CardSpace boasts a limited degree of unlinkability, based on a weak attack model: for self-signed cards, user can generate two assertions for two different websites that appear independent. (My colleague Ben from Google security team disputes even that weak guarantee, arguing that only assertions that can not be linked even with help from the identity provider qualify as “unlinkable”)
OpenID gets a bad reputation for allowing linkability but in fact there is no requirement of universal identifier in the specification. OpenID provider could choose to assert two different “names” for the same user to two dfiferent websites. (Of course they are still linkable in the sense that the ID provider knows what is going on, even if the sites can not put the picture together on their own– sort of, see next two points.)
The problem is even this weak guarantee of “unlinkable” identities at multiple websites breaks down in the real world, for two reasons.
First problem is that websites insist on email address or other unique identifier– and they want this at authentication time. When an inherently PII information such as email address is shared, unlinkability of the underlying protocol becomes largely irrelevant since there is another, even more universal identifier to go by. Same email address would appear even when user authenticates via two different identity provides– this is linkage across independent providers.
Federated ID providers are not in a position to say no: they are trying to convince relying sites to interoperate. Everyone already has a proprietary identity management system already, requiring users to sign up. This registration process collects some basic information and availability of that information is firmly embedded in the business logic. Going from a model where the site has an email address to one where they know the user as “pq2t45x” is not an appealing proposition. Similarly any time the user shares a global identifier such as address, real name or credit card number they void any privacy guarantees from the identity model.
As a matter of architecture, authentication systems should strive for minimum disclosure– more identifying information can always be added after the fact, but it is impossible to go back in the direction of greater privacy. Even if majority of transactions ended up with the user sharing PII during at one point (making them very linkable regardless of authentication) it’s fair to argue that underlying protocols need to optimize for the best case of no disclosure and casual browsing. But the reliance on email address in existing scenarios means that redesigning basic protocols in this fashion to disclose less will be an exercise in rearranging deck chairs.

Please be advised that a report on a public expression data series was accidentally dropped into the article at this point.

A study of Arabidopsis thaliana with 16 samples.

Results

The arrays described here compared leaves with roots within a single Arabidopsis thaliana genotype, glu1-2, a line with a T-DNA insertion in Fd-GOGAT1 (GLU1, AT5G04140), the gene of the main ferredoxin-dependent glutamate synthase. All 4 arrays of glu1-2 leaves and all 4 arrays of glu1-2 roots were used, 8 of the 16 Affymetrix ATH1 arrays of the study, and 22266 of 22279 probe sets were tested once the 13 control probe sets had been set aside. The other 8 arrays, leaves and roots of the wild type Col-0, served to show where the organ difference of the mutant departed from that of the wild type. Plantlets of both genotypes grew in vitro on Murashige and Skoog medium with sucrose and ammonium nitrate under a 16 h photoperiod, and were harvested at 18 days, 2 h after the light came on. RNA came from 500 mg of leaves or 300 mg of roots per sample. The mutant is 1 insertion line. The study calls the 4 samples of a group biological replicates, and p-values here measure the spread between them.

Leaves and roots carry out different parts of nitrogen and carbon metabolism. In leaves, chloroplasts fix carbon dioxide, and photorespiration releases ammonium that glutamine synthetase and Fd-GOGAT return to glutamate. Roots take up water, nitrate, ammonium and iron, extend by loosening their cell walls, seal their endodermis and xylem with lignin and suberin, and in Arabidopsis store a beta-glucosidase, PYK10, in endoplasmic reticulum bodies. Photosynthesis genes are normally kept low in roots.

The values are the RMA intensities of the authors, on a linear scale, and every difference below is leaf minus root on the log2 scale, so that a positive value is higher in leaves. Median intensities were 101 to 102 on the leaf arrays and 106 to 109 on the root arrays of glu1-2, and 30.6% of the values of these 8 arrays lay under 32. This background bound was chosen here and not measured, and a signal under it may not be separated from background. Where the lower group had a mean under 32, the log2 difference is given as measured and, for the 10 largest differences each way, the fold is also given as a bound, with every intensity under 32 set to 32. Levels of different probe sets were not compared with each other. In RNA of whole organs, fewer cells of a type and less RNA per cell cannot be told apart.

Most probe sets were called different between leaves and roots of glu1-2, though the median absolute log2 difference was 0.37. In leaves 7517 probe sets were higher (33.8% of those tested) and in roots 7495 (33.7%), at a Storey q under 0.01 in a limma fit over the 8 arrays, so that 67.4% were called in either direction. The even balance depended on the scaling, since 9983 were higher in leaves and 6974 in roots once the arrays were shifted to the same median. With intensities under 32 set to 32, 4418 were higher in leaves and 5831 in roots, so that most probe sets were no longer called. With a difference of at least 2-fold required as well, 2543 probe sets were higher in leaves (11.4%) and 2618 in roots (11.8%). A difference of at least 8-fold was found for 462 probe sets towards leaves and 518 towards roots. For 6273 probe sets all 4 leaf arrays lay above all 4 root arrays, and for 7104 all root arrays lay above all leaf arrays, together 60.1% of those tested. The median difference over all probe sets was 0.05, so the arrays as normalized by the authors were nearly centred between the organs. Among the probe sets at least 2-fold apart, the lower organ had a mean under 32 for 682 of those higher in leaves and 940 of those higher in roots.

In many ways email address is the easiest attribute to fix, especially when ID provider is also the email provider– true for the three largest ID providers, Windows Live/Passport, GMail/Google and Yahoo– they could simply fabricate email aliases that forward to the original. Unfortunately that still breaks support scenarios because when email@example.com calls asking for help, the system has her records files under the very private firstname.lastname@example.org. Other identifiers have their own private versions depending on the provider: some credit card companies support issuing one-time card numbers billing to the original. Mail services allow signing up for a PO box and hide original physical address (although good luck getting many ecommerce merchants to deliver to one due to their high incidence of fraud) and conceivably they could start algorithmically generating those PO box numbers to break linkage.
Even if every instance of linkable PII could be replaced by a pairwise unique variant, there is a second problem: linkage between identifiers is possible when user is authenticated to multiple sites at the same time.